The Register reports that Palo Alto-based hardware manufacturer Hewlett-Packard Co. (HP) has agreed to pay $141 million (108.5 million euro) to settle its patent disputes with software maker Intergraph Corp. of Huntsville, Alabama. The companies issued separate statements to the effect that (i) they will immediately dismiss, withdraw or terminate all pending lawsuits; (ii) while reserving the right to reinstate them; (iii) HP gets licences to all Intergraph patents while (iv) Intergraph is licensed to use all HP patents in fields covered by its current products.

Intergraph sued in 2002 claiming that Hewlett-Packard, Dell Inc. and Gateway Inc. infringed patents related to its systems using Intel Corp. chips. Related settlements were reached last year with Intel, Dell and Gateway. Palo Alto-based Hewlett-Packard had been in litigation with Intergraph in both U.S. federal court and in the European Union. Intergraph said it would record about $11 million in legal expenses for the first quarter of 2005 to offset the settlement. Said Intergraph CEO and President Halsey Wise:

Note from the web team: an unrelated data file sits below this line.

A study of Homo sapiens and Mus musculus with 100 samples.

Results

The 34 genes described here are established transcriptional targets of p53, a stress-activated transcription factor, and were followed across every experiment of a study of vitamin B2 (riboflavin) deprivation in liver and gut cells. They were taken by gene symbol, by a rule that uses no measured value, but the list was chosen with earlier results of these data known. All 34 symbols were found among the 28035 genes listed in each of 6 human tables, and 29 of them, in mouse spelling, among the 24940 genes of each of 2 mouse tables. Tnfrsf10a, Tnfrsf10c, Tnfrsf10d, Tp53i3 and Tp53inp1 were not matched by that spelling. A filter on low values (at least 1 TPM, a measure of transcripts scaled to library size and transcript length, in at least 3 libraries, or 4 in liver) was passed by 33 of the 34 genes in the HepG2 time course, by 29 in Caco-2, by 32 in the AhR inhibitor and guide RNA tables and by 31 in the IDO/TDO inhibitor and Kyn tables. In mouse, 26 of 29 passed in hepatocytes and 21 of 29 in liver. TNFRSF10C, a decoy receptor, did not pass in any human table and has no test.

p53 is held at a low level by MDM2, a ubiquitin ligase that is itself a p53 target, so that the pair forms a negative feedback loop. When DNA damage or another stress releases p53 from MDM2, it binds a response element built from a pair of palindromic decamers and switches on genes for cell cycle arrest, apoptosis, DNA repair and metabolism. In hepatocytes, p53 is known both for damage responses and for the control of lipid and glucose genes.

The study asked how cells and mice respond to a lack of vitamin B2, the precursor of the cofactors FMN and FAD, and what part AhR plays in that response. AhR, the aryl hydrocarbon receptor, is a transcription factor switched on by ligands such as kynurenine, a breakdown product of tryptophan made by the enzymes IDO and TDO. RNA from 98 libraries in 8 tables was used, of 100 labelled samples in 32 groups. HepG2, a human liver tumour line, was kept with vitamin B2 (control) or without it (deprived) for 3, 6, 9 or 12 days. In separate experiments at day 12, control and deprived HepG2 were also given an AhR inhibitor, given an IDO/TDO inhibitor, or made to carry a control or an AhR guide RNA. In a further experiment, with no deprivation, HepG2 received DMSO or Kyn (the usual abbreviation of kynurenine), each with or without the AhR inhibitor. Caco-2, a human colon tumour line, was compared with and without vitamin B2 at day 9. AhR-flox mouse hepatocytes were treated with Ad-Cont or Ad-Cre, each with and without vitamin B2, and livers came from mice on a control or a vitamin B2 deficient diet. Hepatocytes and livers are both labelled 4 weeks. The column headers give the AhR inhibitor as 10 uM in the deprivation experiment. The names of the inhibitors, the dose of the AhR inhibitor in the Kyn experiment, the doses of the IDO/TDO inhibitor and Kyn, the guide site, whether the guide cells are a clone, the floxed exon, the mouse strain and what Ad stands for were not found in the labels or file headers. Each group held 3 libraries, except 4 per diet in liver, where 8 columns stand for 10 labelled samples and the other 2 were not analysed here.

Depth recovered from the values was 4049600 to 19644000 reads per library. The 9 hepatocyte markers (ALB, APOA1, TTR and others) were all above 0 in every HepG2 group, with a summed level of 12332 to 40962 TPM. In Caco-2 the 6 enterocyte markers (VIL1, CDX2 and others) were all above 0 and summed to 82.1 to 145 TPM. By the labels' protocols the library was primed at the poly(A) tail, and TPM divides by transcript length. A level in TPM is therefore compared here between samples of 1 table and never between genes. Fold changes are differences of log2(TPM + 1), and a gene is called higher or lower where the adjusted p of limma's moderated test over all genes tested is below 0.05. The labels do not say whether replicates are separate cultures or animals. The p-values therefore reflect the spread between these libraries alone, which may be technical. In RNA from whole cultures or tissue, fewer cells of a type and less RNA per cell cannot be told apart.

"We believe that the settlement with HP is in the best interest of our shareholders, and we are pleased to have received a license to HP's extensive patent portfolio for our fields of business".
Intergraph, which has more than 3,000 employees in 60 countries, specialises in graphics software to make maps, build and operate factories and ships, dispatch emergency service and manage infrastructure.

Invent: can be a less attractive commercial alternative to "infringe"

It seems to the IPKat that one of the best ways for a company to make money is to ensure that only the richest and moast successful companies infringe its patents.
HP, INTERGRAPH SETTLE - AT A PRICE HP, INTERGRAPH SETTLE  -  AT A PRICE Reviewed by Jeremy on Saturday, January 22, 2005 Rating: 5

1 comment:

Radu said...

Excellent obsevation, Jeremy.
I wonder which one is the real Intergraph, the "infringed on" or the "infringer".
Several years ago Integraph acquired the royalties to INtools, an instrumentation engineering software suite. However, it seems that they play wise guys and evade paying to the fullest what they contracted for.